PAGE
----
New Jersey's Eyewitness Testimony Instructions Work ... Sort of - Pacific Standard

New Jersey's Eyewitness Testimony Instructions Work ... Sort of

The state's jury instructions—including a crash course in the psychology of memory—make jurors more skeptical of eyewitness testimony, but not more discerning.

(Photo: Everett Collection/Shutterstock)

Few things make a story more believable than eyewitness accounts. That's great for prosecutors, but potentially terrible for the truth: There's a mountain of data cataloguing how bad eyewitnesses are at identifying the people who actually committed a crime. Now, researchers find, one state's attempt to keep the power of dubious testimony in check—essentially, reminding jurors to remain skeptical—works. Actually, it might work a little too well.

Psychologists have plenty of reasons to question eyewitness testimony. For one thing, telling people apart from distances of a few hundred feet is pretty much impossible. But even if we could identify criminals in the moment, memory is a fickle creature, and when a case goes to trial, witnesses may unintentionally fill in or adjust details to suit the circumstances. Under the right circumstances, it's even possible to convince people that they themselves had taken part in events that never transpired.

Stricter scrutiny revealed a lack of nuance in jurors' votes.

What's a court to do? One approach is to re-write the standard for admissibility of eyewitness identifications. But in 2012, New Jersey courts adopted a quicker solution: Basically, reminding jurors to be extra wary. "Eyewitness identification evidence must be scrutinized carefully," New Jersey judges now instruct juries, reminding them "that human memory is not like a video recording that a witness need only replay to remember what happened." The instructions continue with a crash course in psychology and some examples of the ways our memories can deceive us.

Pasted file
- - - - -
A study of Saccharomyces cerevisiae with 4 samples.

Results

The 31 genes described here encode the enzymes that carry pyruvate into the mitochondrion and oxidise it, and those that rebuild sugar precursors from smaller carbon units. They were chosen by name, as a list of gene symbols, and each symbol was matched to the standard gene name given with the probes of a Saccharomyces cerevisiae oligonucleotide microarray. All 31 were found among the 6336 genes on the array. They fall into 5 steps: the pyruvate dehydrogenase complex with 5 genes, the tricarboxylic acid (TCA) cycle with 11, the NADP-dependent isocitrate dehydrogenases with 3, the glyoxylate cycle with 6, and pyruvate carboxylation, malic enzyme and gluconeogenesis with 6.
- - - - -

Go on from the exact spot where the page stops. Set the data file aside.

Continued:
Whether those instructions might make for more sophisticated jurors, however, remains unclear. To find out, University of Arizona legal scholars Athan Papailiou, David Yokum (now a member of the White House Social and Behavioral Sciences Team), and Christopher Robertson recruited 335 people for an experiment in justice. After first watching testimony about a defendant charged with killing a convenience store clerk, then reading either standard jury instructions or the enhanced New Jersey instructions, participants had a simple choice: guilty or not guilty?

At first glance, jury instructions highlighting the messy nature of memory had the intended effect: About one in 10 who got the enhanced instructions voted to convict, compared with one in four of those who heard the standard version.

But stricter scrutiny revealed a lack of nuance in jurors' votes. When the researchers put together the testimony video, they actually made two videos, one emphasizing reasons to trust a witness's memory, and one raising red flags. Theoretically, enhanced instructions should give jurors the tools they need to distinguish strong testimony from weak. In fact, all it did was make them skeptical of eyewitnesses—reading the enhanced New Jersey instructions cut the number of guilty votes roughly in half, regardless of the testimony's strength.

"The result is suboptimal: the New Jersey instructions will likely increase the rate at which guilty defendants are exonerated," the team writes in PLoS One. "Yet it might still be an improvement over the 'standard' instruction, at least if one agrees with Blackstone's argument"—better 10 guilty people go free than one innocent suffer.